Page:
Industrial Electronics

U.S. Manufacturers End 2013 on a High Note

06 January 2014

The domestic manufacturing industry closed 2013 on a much higher note than it opened.

The Institute for Supply Management's leading indicator, the PMI, registered an even 57 percent for the month of December 2013. Although December experienced a slight decline from the 57.3 percent mark in November, it is the second highest reading for the year.

A PMI reading above 50 percent indicates that the manufacturing economy is expanding; below 50 percent indicates that it is contracting.

"It's a nice way to finish off the year," said Bradley J. Holcomb, chair of the ISM's Manufacturing Business Survey Committee. The PMI reading remained consistent during the second half of 2013 and with the ISM's semi-annual forecast published in early December. Looking forward, the ISM expects the first half of 2014 to be better than the third and fourth quarters of 2013; and the second half of 2014 to be better than the first. With the exception of the recent two-year recession, said Holcomb, the ISM's semi-annual forecasts have been remarkably accurate.

U.S. manufacturers reported new orders in December decreased by 0.6 percentage points to 64.2 percent, which is still its highest reading since April 2010's 65.1 percent. The December employment index registered 56.9 percent, an increase of 0.4 percentage points compared with November. December's employment reading is the highest since June 2011 when the index registered 59 percent, according to the ISM. In the electronics sector, manufacturers of computers and electronics products reported good overall business conditions nationally and internationally.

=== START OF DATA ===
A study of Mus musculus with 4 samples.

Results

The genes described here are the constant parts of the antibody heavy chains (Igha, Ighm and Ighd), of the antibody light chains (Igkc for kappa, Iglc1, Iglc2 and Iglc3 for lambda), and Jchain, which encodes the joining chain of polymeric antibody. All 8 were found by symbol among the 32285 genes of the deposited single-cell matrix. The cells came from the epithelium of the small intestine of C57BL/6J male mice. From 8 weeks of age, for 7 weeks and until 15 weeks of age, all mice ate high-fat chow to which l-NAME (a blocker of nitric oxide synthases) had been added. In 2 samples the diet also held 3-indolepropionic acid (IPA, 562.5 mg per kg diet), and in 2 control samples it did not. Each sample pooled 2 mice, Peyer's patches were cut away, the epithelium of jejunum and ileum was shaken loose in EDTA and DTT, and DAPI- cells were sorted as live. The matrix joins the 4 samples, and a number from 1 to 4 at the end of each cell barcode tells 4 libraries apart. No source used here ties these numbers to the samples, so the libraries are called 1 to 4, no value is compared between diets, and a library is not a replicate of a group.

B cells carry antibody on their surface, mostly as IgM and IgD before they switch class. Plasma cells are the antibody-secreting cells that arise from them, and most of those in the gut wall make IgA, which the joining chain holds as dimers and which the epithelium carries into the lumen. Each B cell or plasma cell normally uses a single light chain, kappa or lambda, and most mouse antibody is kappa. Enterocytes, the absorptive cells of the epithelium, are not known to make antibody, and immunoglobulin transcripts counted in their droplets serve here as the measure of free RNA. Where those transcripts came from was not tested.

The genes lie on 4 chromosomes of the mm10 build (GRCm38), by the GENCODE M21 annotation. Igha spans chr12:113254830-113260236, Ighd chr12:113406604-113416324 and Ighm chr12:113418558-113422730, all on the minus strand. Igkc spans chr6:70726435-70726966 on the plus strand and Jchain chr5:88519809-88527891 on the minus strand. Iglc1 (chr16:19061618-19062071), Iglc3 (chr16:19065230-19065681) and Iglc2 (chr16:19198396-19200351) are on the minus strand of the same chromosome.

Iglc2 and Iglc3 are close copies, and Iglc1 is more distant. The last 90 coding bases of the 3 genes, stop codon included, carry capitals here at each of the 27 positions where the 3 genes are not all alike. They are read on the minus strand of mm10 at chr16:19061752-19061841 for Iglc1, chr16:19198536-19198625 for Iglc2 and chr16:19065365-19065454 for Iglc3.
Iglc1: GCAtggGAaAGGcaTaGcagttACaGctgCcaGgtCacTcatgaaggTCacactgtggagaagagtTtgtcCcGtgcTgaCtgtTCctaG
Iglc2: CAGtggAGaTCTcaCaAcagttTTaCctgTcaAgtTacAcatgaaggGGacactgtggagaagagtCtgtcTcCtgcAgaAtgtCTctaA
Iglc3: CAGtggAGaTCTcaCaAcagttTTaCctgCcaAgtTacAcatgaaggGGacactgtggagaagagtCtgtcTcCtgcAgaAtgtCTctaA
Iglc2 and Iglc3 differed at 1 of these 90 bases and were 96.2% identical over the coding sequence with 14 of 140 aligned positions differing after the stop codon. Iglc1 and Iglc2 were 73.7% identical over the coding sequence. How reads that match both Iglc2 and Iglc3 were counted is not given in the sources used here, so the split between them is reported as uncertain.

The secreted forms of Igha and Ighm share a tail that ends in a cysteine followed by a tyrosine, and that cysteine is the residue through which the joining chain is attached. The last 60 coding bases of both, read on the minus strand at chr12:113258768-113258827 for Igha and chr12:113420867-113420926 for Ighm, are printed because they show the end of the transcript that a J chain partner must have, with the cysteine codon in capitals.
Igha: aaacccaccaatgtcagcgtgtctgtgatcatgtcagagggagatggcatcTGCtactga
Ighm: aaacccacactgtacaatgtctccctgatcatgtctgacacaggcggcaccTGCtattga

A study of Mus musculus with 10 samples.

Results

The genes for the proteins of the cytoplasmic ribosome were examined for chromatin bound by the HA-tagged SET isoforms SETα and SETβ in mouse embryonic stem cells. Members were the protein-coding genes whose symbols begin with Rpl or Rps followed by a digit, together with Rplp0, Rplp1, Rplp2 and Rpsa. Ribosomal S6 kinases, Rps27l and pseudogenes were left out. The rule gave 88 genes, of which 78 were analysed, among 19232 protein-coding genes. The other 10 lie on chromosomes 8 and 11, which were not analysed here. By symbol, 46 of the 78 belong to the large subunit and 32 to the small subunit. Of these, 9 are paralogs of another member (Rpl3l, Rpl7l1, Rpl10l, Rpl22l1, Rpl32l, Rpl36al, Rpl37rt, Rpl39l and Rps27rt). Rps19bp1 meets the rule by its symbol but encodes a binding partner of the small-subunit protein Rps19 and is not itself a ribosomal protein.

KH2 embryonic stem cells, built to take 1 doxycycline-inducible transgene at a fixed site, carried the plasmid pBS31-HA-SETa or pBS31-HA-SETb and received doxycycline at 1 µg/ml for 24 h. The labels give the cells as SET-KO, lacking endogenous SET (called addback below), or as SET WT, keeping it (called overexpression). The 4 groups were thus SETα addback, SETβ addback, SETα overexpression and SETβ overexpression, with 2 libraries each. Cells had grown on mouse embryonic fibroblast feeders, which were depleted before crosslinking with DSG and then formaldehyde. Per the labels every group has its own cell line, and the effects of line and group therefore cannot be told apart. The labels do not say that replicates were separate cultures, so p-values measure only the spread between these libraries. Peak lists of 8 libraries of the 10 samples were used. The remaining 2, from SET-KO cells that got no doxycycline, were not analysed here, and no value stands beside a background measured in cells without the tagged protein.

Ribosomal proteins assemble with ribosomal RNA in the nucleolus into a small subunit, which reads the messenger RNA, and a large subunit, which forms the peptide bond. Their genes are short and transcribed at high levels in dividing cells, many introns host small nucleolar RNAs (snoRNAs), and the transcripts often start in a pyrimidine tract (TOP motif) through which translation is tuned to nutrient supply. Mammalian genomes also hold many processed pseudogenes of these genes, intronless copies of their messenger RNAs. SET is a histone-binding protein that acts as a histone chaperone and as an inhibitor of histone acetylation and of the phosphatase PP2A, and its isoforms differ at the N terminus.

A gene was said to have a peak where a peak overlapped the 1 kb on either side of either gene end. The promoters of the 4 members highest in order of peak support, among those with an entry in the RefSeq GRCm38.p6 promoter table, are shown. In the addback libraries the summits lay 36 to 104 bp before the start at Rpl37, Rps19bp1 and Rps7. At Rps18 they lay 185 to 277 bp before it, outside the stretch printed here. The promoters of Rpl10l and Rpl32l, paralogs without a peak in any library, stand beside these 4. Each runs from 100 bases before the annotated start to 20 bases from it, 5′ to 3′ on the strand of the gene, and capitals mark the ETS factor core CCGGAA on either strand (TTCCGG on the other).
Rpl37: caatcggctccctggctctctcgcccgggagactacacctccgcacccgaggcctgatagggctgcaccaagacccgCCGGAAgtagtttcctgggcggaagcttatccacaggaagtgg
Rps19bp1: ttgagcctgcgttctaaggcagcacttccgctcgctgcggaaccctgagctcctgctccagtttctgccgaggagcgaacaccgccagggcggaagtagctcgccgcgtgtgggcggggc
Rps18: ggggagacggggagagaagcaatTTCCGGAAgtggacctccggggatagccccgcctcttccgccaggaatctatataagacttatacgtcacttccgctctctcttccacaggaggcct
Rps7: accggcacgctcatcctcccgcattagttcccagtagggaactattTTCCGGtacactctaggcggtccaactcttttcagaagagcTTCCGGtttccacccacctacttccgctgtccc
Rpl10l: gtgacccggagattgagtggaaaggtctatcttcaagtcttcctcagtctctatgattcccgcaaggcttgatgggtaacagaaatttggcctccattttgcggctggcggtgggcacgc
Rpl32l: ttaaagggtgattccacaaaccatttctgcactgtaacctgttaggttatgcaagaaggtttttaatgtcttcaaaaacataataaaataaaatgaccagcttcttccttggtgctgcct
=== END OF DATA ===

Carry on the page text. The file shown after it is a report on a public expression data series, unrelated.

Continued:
Inventories and backlog showed some activity in December: raw materials inventory in December decreased by 3.5 percent to 47 percent. That's not necessarily bad news, according to Holcomb. "That number refers to raw materials inputs to manufacturing," he explained. "Production is up so that consumes a lot of inventory, but supplier deliveries are slowing at an even faster rate. Suppliers are having a hard time filling orders which is a good thing—it indicates tightness in the supply chain. I wouldn't call that level too low."

Of the 18 manufacturing industries tracked by the ISM, 13 are reporting growth in December. In order, they are: furniture and related products; plastics and rubber products; textile mills; apparel, leather and allied products; computer and electronic products; paper products; transportation equipment; primary metals; fabricated metal products; wood products; printing and related support activities; food, beverage and tobacco products; and miscellaneous manufacturing. The four industries reporting contraction in December are: nonmetallic mineral products; machinery; chemical products; and electrical equipment, appliances and components.

Based on the trends of 2013, "I would say things are settling down, and I expect the [2014] forecast will be pretty good," Holcomb concluded.